Chem grad student gets named to Forbes' 30 Under 30 list


What a way to start your final semester at Purdue: Ian Klein, a graduate student in the Department of Chemistry, was named to Forbes’ 30 Under 30 list just five months before he is set to graduate.

Klein, 27, was honored in the “Manufacturing” category. Klein has excelled in the department but it’s his work for Spero Energy that got the most notice by the folks at Forbes. Klein helped forge the Purdue startup with Chemistry Prof. Madhi Abu-Omar in the spring of 2014. The company that specializes in extracting chemicals that could be used as biofuels, fragrances and flavors out of wood lignin has gained momentum during the last several months.

“We wanted to break down plants to useful fuels or useful chemicals,” Klein explained. “We began to see that this was a new way to use lignin that no one else has used before. They were burning lignin for low value but we found we can upgrade it to high value chemicals that had interesting, large markets in the flavor and fragrance industries.”

Spero Energy recently received small business grants from the United States Department of Energy and the National Science Foundation.

The company is based in the Purdue Research Park but a lot of work is still done in Klein and Abu-Omar’s lab within Brown Laboratory on Purdue campus. Like any new company, things started off small but expansion was desired. To get to this goal, the scientists had to reach out to the business-minded.

Ian Klein
Ian Klein

They had the foresight to ask for business help from Purdue Foundry, a hub for Purdue faculty, staff and students to find fast, effective ways to move their ideas to the marketplace.

“We didn’t have a business background,” Klein said, “but they were able to give us the tools to learn about the business side and connect us with MBA students and other business minded people to teach us the business side of things and learn how to take this technology from the laboratory and move it to commercial production.”

Tim Peoples, Purdue Foundry entrepreneur in residence and regulatory affairs officer, took the lead in giving Spero business guidance.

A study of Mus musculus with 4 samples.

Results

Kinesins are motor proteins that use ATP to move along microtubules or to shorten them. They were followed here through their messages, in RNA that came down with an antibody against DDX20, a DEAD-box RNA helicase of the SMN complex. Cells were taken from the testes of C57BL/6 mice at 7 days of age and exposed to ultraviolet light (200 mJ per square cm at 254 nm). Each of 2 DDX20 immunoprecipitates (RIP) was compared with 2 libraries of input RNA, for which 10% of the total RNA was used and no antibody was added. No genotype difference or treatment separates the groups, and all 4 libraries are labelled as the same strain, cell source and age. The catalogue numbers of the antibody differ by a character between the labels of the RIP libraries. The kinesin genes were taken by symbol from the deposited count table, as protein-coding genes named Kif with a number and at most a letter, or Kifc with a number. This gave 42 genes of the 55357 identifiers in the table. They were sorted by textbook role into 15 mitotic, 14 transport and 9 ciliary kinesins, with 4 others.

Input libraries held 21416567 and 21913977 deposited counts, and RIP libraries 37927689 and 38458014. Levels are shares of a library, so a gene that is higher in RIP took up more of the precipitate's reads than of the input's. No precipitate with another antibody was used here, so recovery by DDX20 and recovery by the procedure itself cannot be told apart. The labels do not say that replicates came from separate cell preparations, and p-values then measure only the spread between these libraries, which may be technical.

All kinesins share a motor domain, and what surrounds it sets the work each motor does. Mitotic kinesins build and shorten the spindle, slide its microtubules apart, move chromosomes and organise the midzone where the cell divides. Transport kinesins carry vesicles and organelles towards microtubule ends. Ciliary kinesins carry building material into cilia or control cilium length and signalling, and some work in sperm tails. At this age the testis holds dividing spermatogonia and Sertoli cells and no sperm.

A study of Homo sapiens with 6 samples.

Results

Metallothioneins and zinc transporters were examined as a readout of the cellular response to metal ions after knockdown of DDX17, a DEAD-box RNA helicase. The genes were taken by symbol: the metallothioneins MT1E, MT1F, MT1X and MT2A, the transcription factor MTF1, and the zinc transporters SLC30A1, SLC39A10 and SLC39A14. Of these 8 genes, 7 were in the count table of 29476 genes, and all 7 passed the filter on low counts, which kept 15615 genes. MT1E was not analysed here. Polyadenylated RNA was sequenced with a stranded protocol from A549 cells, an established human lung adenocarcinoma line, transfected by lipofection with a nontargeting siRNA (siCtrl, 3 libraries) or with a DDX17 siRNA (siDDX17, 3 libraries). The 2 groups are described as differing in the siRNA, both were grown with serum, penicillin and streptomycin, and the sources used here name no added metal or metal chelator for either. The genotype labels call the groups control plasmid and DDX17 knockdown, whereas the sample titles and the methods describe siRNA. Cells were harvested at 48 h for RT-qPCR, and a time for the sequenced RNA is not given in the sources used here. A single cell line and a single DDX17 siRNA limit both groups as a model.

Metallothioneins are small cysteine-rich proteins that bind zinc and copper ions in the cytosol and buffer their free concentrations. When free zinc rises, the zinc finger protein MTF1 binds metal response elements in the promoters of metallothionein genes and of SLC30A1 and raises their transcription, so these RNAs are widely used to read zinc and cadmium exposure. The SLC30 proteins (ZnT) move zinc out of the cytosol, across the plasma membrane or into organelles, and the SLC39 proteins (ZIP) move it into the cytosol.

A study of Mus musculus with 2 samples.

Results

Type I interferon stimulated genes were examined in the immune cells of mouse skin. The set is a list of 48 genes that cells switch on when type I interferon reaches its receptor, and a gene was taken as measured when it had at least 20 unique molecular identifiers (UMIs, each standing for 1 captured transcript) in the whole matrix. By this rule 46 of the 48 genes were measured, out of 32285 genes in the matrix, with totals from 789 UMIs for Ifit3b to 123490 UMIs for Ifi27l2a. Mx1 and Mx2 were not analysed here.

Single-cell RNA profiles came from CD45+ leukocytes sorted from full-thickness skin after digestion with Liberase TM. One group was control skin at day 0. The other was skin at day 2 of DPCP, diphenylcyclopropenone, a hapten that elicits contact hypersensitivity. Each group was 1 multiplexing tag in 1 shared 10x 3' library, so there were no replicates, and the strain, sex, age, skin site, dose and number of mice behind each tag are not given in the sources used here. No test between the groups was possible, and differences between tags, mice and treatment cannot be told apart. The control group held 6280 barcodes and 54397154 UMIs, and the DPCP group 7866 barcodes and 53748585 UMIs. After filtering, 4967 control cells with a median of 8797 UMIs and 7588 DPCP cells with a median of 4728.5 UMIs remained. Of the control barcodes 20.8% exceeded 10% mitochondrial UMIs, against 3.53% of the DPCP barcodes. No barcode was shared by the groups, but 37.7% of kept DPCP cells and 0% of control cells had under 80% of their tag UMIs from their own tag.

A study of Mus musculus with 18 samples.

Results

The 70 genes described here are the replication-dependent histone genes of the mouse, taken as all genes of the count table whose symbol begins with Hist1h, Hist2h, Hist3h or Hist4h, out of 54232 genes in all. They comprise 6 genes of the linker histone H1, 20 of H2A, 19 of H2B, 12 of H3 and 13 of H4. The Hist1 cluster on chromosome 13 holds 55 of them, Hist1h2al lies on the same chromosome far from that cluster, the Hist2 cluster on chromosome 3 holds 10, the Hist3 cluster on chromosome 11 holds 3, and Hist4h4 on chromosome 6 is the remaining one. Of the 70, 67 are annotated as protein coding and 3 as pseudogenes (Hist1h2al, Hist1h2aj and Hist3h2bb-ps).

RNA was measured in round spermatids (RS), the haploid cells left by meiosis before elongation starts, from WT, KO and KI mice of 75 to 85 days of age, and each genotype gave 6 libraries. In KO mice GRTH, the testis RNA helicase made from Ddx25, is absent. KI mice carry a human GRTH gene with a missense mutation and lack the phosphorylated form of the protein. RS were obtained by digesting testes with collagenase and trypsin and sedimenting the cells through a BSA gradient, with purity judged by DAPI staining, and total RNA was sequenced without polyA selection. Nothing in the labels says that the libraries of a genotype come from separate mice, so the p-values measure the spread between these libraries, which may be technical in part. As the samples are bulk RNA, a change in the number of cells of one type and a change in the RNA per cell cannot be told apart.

“The Foundry team helped Ian and Prof. Abu-Omar solidify their business plan, prepare their go to market strategy and get ready to pitch their company to investors,” Peoples stated. “We also got them connected to alumni in the same industry as Spero for mentoring.”

Peoples realizes Spero is still a new company. He believes Klein, Abu-Omar and the rest of the team must scale up their technical process and have their products tested by customers and on the business side, Spero must “validate their product with customers, identify strategic partners in the industry and hire a business development person to further develop their sales processes.”

But Peoples is impressed with Klein and Spero’s start.

“I believe Spero has a bright future with the production of fine chemicals from renewable sources,” he said. “They have additional technologies to help expand their portfolio as they grow. I believe this is the first of several startup companies for Ian. I think he has the bug and the right makeup and character to lead technology startup companies.”

Abu-Omar’s first impressions of Klein were “a thoughtful young graduate student, looking forward to doing research in a vibrant lab. He was very interested in pursuing problems in sustainable chemistry and research in renewable energy.”

A few years later, Klein is one of Abu-Omar’s most trusted scientists at Spero.

“He is very thorough in his science, clear in his communication, and an excellent problem solver,” he said of his student. “He works well with others as well, a team player."

Forbes, Abu-Omar and Purdue Foundry know what they are talking about. Klein said he is pleased to be in on a startup that is fueled by his scientific passion.

“I’ve always been very interested in the thought of renewable fuels,” Klein said. “When I first came to Purdue, I was interested in making renewable fuels but we found we were able to make some very interesting renewable chemicals that have a demand in the marketplace.

“I never expected to get this entrepreneurial and business experience in my PhD studies at Purdue, but I think it’s an invaluable asset I’ve gained working with the foundry and Purdue Research Foundation. As a scientist, I think it’s important for every scientist to be able to sell your ideas, whether it’s in an entrepreneurial setting or if its in an academic setting where you have to sell your ideas in a sense for your project to get funding.”

With Forbes fame now behind him, Klein is concentrating on finishing his graduate studies and continuing a career and company that is already established.

“My plans are to stay and work fulltime with Spero,” Klein revealed. “We have some big milestones coming up in 2015 as we move to commercialization. We’re building larger reactors and also purchasing some reactors to demonstrate that this technology can work on a larger scale.”

Abu-Omar was happy to see Klein on the Forbes list. The young scientist is deserving of some national exposure.

“He has proven himself as one of our star graduate students in the lab,” Abu-Omar said, “and he has shown a knack for entrepreneurship and innovation. He is not afraid to try and learn new things. He ventured out the normal comfort zone of a graduate student and started learning about the chemical business and green manufacturing.”

Purdue University College of Science, 150 N. University St, West Lafayette, IN 47907 • Phone: (765) 494-1729, Fax: (765) 494-1736

Student Advising Office: (765) 494-1771, Fax: (765) 496-3015 • Science IT, (765) 494-4488

© 2015 Purdue University | An equal access/equal opportunity university | Copyright Complaints

Trouble with this page? Disability-related accessibility issue? Please contact the College of Science Webmaster.